These 10 superfoods have been studied the most for their potential to protect against and fight cancer, and they’ve shown good results. This isn’t surprising given that these foods score high in nutrient density, and they’re particularly high in antioxidants and phytochemicals, both of which keep your cells healthy and trigger the bad ones to die off (a process your oncologist may refer to as apoptosis).



Technically speaking, tomatoes are fruits because they have seeds, but they are used as vegetables because of their savory flavor. No matter what you consider them, tomatoes are nutritional powerhouses.


Green tea

Green tea comes from Camellia sinensis, the same species of plant that black tea comes from. Both green and black tea contain the powerful antioxidants polyphenols and flavonoids, but unlike black tea, green tea is not fermented. Green tea has received more attention because it appears to have higher levels of catechins (an antioxidant) than black tea.

Studies that have shown benefit suggest that drinking three to five cups of green tea a day may offer protection.


Nuts (especially Brazil nuts and walnuts)

Nuts contain heart-healthy mono- and polyunsaturated fats. That said, they’re still high in calories, so portion control is important. You don’t want to outweigh their health benefits by gaining unintentional extra pounds. This nutrient density can be a good thing if you’re struggling with cancer-related anorexia and weight loss, because a small amount will provide a decent supply of weight-sustaining calories.

In addition to containing healthy fats, nuts are a good source of potassium, iron, zinc, calcium, phosphorus, magnesium, folate, selenium, and vitamin E. They also contain some protein and fiber. Walnuts are an excellent source of anti-inflammatory omega-3 fatty acids, and some research indicates that this nutrient may be better absorbed from food than from supplements. Brazil nuts can provide 100 percent of the daily value for selenium.


Beans, peas, and lentils

Beans, peas, and lentils are good sources of protein and are high in fiber. They’re an excellent replacement for red and processed meats, providing muscle-building protein without the saturated fat. They also contain folate, which can keep the DNA in your cells healthy, and they may offer additional cancer protection via their phytochemicals.

It’s still unclear exactly how these compounds may protect against cancer, but a variety of effects are likely at work, including hormone regulation, antioxidant activity, and increased apoptosis.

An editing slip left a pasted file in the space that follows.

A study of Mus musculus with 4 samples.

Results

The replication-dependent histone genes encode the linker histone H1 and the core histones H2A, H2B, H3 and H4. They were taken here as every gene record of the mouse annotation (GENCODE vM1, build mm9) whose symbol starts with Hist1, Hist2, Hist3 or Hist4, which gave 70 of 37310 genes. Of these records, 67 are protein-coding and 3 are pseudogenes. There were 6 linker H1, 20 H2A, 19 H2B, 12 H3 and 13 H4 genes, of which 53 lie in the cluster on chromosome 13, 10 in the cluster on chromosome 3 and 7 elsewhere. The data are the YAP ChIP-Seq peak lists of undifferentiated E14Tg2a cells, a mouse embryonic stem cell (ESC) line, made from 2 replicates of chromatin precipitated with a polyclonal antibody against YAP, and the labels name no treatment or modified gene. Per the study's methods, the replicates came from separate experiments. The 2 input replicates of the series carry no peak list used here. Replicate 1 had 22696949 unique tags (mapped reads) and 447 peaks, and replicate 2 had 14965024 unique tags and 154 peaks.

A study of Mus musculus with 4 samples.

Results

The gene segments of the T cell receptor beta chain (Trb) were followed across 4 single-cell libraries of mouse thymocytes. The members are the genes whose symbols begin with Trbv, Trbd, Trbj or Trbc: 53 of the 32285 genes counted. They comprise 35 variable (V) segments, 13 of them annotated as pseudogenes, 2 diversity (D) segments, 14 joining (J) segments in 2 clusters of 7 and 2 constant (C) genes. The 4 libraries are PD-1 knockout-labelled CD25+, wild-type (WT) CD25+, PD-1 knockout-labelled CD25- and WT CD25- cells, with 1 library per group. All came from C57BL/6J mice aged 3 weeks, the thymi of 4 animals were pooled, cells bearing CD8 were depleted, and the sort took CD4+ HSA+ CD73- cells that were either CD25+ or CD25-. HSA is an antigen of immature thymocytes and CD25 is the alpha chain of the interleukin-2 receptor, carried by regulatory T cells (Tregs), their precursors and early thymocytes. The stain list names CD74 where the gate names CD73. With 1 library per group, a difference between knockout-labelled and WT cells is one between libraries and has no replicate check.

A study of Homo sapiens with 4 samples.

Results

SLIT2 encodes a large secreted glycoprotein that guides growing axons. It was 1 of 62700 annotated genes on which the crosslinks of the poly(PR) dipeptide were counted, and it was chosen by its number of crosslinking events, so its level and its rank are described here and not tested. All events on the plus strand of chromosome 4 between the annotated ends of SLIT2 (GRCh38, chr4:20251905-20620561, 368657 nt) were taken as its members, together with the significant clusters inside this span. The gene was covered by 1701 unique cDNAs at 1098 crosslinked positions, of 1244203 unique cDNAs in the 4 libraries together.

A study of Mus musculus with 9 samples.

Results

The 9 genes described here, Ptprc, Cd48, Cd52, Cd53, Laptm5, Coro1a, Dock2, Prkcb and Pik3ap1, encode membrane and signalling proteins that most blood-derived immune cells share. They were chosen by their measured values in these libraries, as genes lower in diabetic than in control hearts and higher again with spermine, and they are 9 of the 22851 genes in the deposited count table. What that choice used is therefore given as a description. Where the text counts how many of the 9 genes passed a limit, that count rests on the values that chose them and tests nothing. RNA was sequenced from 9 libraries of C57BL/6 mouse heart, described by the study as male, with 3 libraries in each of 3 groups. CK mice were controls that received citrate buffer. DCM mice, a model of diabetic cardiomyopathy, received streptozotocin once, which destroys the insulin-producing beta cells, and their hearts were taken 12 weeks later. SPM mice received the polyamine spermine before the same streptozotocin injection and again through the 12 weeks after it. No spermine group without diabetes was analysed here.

Cruciferous vegetables

Cruciferous vegetables, or flowering vegetables, as they’re sometimes called, get their name from their appearance. The four-petal flowers from these vegetables resembles a cross or “crucifer,” which aptly lead them to be named cruciferous.

Some of these vegetables form a head, like broccoli, Brussels sprouts, rapini, cabbage, cauliflower, and turnips. Others, like kale and collard greens, don’t form a head and are sometimes less recognized as a member of this family of vegetables.


Leafy greens

Leafy greens are an excellent source of fiber, folate, carotenoids like lutein and zeaxanthin, and flavonoids. Most of these compounds have antioxidant activity that can protect your cells from damage. Lutein and zeaxanthin are also protective for your eyes and may reduce the risk of developing macular degeneration, which can cause blindness.

Leafy greens include spinach, kale, romaine lettuce, leaf lettuce, mustard and collard greens, chicory, and Swiss chard.


Wild salmon

Wild salmon is an excellent source of protein and omega-3 fatty acids. A 3-ounce portion provides about 2,500 mg of omega-3 fatty acids and 500 mg of eicosapentaenoic acid (EPA). The American Heart Association recommends eating fish twice a week as part of a healthy diet.

Wild salmon usually has more omega-3 fatty acids than farm-raised salmon. Wild salmon is also preferred over farm-raised salmon because of chemicals that may be present in farm-raised fish.



Berries are a good source of fiber, vitamin C, ellagic acid, and the phyochemical anthocyanidins, which give many berries their distinctive color. They also contain catechins and the bioflavonoid quercetin.

Berries have garnered considerable media attention regarding their numerous health benefits for a variety of ailments. For example, blueberries have been reported to help reduce memory loss as we age, whereas cranberries are often touted to help with urinary tract infections. They’ve also shown some potentially positive results in the cancer arena in animal and laboratory studies.


Yogurt or kefir

Both yogurt and kefir are good sources of protein from whey, which may help with muscle maintenance and immunity. The good bacteria called probiotics in these foods also help to keep your digestive tract and immune system healthy.

In addition, they contain bone-building calcium, which also keeps your cells healthy and may help lower blood pressure. Last but not least, these foods contain butyric acid and conjugated linoleic acid (CLA), which, in addition to supporting the immune system, may help to reduce the risk of cancer.


Dark chocolate

Dark chocolate is a good source of antioxidants, which may help lower blood pressure and protect your heart, and an ounce a day is all it takes to reap the benefits of this superfood without getting too many calories.

In addition, dark chocolate appears to contain compounds that have antidepressant qualities. Because cancer can lead to depression, dark chocolate may be a natural way to get a bit of a boost in the mood department.

When buying dark chocolate, go for the highest percentage of cocoa that is still palatable to you. Commercial dark chocolate bars may contain anywhere from 30 percent to 90 percent cocoa, so 60 percent cocoa may be a good place to start. Just keep in mind that the higher the cocoa content, the lower the sugar content, and the better for you.